The 4 C’s of Product Management

Much has been written about Product Management. You only need to take a look at some of the great Product Management blogs available.

However, in an attempt to simplify Product Management and go back to basics, I’ve classified Product Management into 4C’s:

  • Customer
  • Company
  • Capability
  • Cash

If we consider the 4C’s when we’re developing or managing products and services, we’re on the right track to delivering profitable results for businesses.

The Customer

The customer sits at the apex of the Product Management world.

Our job as Product Managers is to understand our customers and their problems. This is perhaps the single most difficult part of our role. Product or service solutions are easy to conceive if we have deep insights about our target customers, how they live their lives, what problems they have and what they value as important.

Understanding customers is not only about market research but also about observation.

The Company

In the mix of good Product Management practices is information about the company’s business objectives. Product objectives should be strongly aligned with the company’s business objectives.

If the company is focused on reducing overheads but your product objectives are about growing at all cost, more than likely you’ll meet with resistance from stakeholders within the organisation.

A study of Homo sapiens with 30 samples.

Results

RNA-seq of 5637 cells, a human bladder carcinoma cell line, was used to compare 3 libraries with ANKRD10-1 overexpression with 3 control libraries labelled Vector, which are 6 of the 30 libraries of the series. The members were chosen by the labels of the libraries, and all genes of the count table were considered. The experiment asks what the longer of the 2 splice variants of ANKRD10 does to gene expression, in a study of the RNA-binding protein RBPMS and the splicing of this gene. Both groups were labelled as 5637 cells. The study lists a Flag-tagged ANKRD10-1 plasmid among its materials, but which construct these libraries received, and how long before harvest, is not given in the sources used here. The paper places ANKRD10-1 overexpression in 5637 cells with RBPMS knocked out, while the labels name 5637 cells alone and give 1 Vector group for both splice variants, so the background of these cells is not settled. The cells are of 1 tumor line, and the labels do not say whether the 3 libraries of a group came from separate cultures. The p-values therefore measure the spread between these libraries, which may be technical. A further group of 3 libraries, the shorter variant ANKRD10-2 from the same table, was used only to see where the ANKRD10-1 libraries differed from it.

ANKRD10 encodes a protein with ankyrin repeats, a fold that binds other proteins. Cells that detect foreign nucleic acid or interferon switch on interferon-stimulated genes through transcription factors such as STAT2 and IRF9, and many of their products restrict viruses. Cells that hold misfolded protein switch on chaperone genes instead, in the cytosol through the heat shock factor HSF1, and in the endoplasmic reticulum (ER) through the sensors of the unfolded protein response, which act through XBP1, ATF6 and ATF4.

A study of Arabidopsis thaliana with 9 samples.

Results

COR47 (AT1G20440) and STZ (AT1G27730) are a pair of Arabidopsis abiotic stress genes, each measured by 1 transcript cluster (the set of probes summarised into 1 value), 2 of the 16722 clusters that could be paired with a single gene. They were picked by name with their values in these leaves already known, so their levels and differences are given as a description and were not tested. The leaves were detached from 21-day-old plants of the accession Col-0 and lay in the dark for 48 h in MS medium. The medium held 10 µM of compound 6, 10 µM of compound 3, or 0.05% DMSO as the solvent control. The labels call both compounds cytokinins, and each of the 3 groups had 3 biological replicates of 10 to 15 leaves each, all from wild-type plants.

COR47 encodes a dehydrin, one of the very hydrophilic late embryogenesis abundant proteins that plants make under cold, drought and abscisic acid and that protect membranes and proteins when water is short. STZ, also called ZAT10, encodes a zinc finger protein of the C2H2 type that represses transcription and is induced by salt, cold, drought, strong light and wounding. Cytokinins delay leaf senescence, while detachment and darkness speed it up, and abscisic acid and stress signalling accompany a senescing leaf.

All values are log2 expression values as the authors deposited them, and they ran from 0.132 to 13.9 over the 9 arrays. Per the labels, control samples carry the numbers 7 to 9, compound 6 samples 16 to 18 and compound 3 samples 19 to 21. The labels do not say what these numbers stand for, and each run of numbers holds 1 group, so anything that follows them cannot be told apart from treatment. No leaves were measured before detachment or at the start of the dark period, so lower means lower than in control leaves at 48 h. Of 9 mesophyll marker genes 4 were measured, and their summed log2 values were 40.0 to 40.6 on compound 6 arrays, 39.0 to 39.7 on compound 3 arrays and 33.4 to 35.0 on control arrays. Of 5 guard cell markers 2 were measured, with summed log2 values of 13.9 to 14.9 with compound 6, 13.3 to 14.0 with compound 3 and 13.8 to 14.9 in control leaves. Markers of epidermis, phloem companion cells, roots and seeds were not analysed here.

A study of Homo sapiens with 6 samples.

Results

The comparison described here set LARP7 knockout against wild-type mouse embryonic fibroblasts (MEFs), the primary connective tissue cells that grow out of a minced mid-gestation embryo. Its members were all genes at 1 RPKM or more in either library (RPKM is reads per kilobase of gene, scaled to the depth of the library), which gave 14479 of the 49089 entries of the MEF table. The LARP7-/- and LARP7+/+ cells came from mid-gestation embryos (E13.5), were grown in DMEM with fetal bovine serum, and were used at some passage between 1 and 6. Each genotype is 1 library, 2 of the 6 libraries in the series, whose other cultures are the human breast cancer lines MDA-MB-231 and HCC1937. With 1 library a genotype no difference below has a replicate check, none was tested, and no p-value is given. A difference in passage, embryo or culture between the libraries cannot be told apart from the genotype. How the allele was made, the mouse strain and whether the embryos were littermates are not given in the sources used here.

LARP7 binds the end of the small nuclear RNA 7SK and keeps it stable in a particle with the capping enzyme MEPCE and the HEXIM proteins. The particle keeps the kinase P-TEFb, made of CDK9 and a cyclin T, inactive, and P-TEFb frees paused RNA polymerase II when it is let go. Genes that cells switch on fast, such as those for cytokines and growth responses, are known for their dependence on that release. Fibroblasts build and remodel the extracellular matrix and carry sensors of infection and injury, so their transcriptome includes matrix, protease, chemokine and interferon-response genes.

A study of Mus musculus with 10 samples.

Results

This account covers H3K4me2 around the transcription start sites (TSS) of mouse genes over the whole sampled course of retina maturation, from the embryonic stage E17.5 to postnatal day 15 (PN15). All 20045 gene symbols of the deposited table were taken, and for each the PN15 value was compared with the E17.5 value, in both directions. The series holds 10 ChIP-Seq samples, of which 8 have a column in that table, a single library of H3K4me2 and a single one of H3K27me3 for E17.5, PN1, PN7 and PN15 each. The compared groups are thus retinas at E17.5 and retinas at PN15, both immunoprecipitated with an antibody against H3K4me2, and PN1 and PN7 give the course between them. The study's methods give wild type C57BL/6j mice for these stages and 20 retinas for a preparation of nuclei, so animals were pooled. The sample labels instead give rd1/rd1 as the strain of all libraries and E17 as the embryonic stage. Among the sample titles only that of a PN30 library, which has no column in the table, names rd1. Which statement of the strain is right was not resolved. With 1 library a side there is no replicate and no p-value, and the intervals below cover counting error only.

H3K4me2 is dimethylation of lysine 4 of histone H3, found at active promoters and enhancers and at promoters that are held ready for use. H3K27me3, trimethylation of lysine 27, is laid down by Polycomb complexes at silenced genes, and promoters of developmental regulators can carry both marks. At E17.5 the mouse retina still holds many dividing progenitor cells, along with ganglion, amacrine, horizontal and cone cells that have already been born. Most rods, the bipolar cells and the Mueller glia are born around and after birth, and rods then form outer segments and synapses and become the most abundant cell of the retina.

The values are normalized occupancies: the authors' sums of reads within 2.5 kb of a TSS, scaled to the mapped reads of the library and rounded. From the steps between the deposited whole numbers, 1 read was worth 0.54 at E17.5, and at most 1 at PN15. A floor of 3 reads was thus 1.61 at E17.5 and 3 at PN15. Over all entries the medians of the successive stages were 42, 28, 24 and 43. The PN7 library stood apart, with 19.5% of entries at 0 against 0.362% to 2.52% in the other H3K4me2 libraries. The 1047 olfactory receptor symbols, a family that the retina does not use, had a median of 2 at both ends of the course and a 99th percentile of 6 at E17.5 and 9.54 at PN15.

Capability takes into account what your organisation is good at delivering. Unless there is a strong desire to enhance the company’s capability which stems from the CEO, there is no point creating a new service or product that the company has never had any experience developing. For example: A magazine (Cosmopolitan) attempting to create a food product (yoghurt) is not the best idea for new product development given that the magazine business (at least to my knowledge) does not have the right environment, facilities or expertise to make yoghurt.


An indicator of good product management is its ability to deliver cash to the business. So using the 3C’s describe above the job of product management is to seek lucrative opportunites that solve customer problems, sit well within the company’s business objectives and can be delivered with ease using the company’s infrastructure and expertise.